Commentary: Sports Man therapy for tough times
I envy Sports Man. He can rise above his own problems by focusing on the triumphs or setbacks of The Team.
Last October, the stock market was tanking and so was Sports Man's beloved Red Sox. Did Sports Man worry that his dreams of easy living were being dashed on the shoals of a stormy Dow? He did not. He was fixated on the Sox drama, and that crowded out depressing thoughts that he might never ever retire.
Psychologists specializing in cognitive therapy have long urged patients to do what Sports Man does naturally. The late Richard Wenzlaff, a University of Texas psychologist, conducted studies in the '80s showing the good uses of such distraction.
"The problem in depressed people is that they ruminate on their negative thoughts, which evoke a worse mood and which in turn primes more negative thoughts," Wenzlaff told science writer Daniel Goleman, who included the professor's findings in his book "Emotional Intelligence." The way to end this cycle is to move patients' attention to situations they enjoy -- "sporting events," for instance.
Sports Man has no trouble moving his attention to sporting events. Thus, whatever the economy does on the last week of January makes no impression on him: That is when he prepares for the holiest day of the Sports Man calendar, Super Bowl Sunday.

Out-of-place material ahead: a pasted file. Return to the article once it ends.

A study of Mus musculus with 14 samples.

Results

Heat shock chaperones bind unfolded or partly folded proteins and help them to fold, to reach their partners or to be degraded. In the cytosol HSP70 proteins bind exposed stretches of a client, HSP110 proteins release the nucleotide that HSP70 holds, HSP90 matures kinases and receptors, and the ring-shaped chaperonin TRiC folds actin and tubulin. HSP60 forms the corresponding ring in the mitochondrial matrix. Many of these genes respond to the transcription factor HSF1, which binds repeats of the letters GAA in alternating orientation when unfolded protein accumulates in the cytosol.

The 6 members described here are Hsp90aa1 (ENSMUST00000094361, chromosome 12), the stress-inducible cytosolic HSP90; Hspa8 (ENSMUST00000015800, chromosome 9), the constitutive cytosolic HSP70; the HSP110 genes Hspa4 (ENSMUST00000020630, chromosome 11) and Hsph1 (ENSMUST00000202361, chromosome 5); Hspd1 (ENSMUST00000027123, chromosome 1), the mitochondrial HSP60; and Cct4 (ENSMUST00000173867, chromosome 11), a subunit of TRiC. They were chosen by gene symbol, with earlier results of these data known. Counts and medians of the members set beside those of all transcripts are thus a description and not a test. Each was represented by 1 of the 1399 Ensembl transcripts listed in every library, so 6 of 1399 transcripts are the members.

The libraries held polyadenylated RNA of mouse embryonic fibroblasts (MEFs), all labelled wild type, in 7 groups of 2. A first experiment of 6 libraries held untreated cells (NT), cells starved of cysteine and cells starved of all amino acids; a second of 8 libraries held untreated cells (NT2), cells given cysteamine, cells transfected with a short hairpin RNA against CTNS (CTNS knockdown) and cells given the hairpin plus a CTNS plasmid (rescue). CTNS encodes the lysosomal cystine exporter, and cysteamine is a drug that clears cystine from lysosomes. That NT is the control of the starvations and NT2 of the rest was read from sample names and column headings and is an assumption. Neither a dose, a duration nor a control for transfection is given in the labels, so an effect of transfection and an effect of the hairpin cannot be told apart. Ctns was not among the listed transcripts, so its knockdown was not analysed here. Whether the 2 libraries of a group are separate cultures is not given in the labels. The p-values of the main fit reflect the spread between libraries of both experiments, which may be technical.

"You don't want to go into the game like a virgin, so to speak," he explains. "You want a sense of what to look for in the strategy, offensively and defensively, of the two teams. You want to know the players." Since there are 45 men on each team, he has a lot of players to know.
Sports Man can find the sports angle in anything. He perked up when a panelist on "Meet the Press" mentioned former Secretary of State George Schultz. "Biggest calves in the Ivy League," Sports Man observed. Wha? Schultz had been a blocking back for Princeton University.
Now any ignoramus can bandy about sports terms applied to politics. A losing candidate's bold move is a "Hail Mary pass" -- or "throwing long." After the debate, the candidate does or does not "hit it out of the park." After a political primary, the leading contender has or has not "delivered a knockout punch."
Sports Man thinks in more complicated metaphors. The politician itching to make a salient point is "like a designated hitter who's been under the stadium swinging at fastballs from a pitching machine."
Doc, a question: Suppose Sports Man can't distinguish between his problems and those of The Team. In other words, what's the point of shifting attention from one's real woes to The Team's if Sports Man sees The Team's losses as his own personal tragedy?
Sports Man has a way out: No matter how well or poorly the team does, its ranking snaps back to zero at the end of the season. There's a total rebirth of hope.
The Dow Jones Industrial Average doesn't work that way. There's no automatic reset back to the glory days or even the beginning of the previous year. The Dow didn't return to its pre-1929 crash levels for over two decades.
"Life's like a ball game," goes a line in the 1945 thriller "Detour." "You gotta take a swing at whatever comes along before you find it's the ninth inning."
For Sports Man, however, life is not like a ball game. It is a ball game. And I've got to tell you, there's something to be said for a worldview in which, no matter what happens, the scorecard resets to zero at the end of the season -- and you start anew.